Don't forget about Doha.
The Vienna Summit Declaration of 21 June 2006 covers a wide range range of common EU and US interests. Two short paragraphs cover key issues in international economic development. How are these two paragraphs to be read?
Issues covered range from peace to sustainable development. In amongst the big strategic agenda there is an agendum item listed as ‘Fostering prosperity and opportunity’. The section of the declaration, though dealing mainly with Trans-Atlantic economic initiatives touches briefly on the ‘Doha Development Agenda’ and on the achievement of the ‘Millennium Development Goals’. Both are important areas of concern and though less dramatic than other areas such as ‘security’ or 'peace' are no less important.
The issue of trade liberalization in agricultural produce is one of the key issues of the Doha Round. No reference is made to progress in the declaration with respect to agricultural trade. An ‘ambitious and balanced agreement’ that is capable of ‘improving living standards’ and of reducing poverty, must, if only by implication, mean facing-up to agricultural subsidies in the developed market economies. The communiqué calls for ‘an agreement that is worthy of the objectives identified in launching the Doha Development Agenda’. Is there likely to be significant progress on this issue given the Common Agricultural Policy? Can something more than the removal of export subsidies be possible? Is the risk of failure so great? Are trade ministers being sent a significant message or is this mere face saving?
With respect to the achievement of the Millennium Development Goals, the declaration is bland indeed: ‘We will increase our partnership with developing countries to promote growth globally for the benefit of all’. At least the notion of achieving the Millennium Goals has not vanished from summit discussion but is this kind of vagueness the best that can be expected? Do such statements do more harm than good? It is certainly hard to see in such statements what the implications might be or how the contradictions of economic globalization (between, say, growth and income distribution) may be resolved. ‘Trade ministers’ are identified with action with respect to Doha, with just a hint (or perhaps more than a hint, depending on how such statments are intended to be read) of urgency— ‘We recognize the need for trade ministers to make substantial progress on core negotiating areas over the next few weeks … ‘. Can we conclude that progress has been slower than even the most cynical expected and that this is a call for action? What, if anything, hangs on such a statement? Any potential actors with respect to the Millennium Goals are left vague and indeterminate. Does this matter?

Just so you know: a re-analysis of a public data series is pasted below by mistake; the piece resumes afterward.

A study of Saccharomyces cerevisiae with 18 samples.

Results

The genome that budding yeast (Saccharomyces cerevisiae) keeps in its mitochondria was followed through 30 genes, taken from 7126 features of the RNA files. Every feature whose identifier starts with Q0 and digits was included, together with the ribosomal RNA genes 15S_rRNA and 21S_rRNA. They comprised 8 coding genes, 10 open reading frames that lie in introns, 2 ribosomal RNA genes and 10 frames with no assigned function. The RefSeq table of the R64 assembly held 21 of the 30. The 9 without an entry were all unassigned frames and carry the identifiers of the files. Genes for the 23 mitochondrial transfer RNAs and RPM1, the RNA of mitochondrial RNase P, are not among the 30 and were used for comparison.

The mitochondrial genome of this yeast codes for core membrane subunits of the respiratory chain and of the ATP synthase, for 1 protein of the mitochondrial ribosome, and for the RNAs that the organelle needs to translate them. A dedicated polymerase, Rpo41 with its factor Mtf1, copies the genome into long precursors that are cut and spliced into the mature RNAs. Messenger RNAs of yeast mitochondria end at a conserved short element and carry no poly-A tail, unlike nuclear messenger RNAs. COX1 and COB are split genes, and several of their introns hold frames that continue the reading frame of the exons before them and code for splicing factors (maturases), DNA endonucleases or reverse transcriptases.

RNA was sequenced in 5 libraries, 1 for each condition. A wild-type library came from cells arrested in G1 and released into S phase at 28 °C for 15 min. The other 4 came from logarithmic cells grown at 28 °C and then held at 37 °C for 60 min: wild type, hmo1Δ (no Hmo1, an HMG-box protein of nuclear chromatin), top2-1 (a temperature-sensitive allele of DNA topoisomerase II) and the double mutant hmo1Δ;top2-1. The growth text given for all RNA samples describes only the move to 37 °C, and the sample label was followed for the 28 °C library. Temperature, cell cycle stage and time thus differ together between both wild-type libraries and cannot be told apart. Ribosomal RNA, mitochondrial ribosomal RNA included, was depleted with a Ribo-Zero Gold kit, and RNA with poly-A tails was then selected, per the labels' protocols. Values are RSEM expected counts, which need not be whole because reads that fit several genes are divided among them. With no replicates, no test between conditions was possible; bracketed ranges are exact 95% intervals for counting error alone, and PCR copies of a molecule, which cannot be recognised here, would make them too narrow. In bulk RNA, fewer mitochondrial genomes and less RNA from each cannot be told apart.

There is bound to be a protocol for writing summit statements. How does a 'communiqué' differ from a ‘declaration’? What precise commitments do summit participants make when they make a 'declaration'? What, I wonder in addition, is the protocol for reading such documents? Should we just be pleased that they even noticed the issues highlighted here?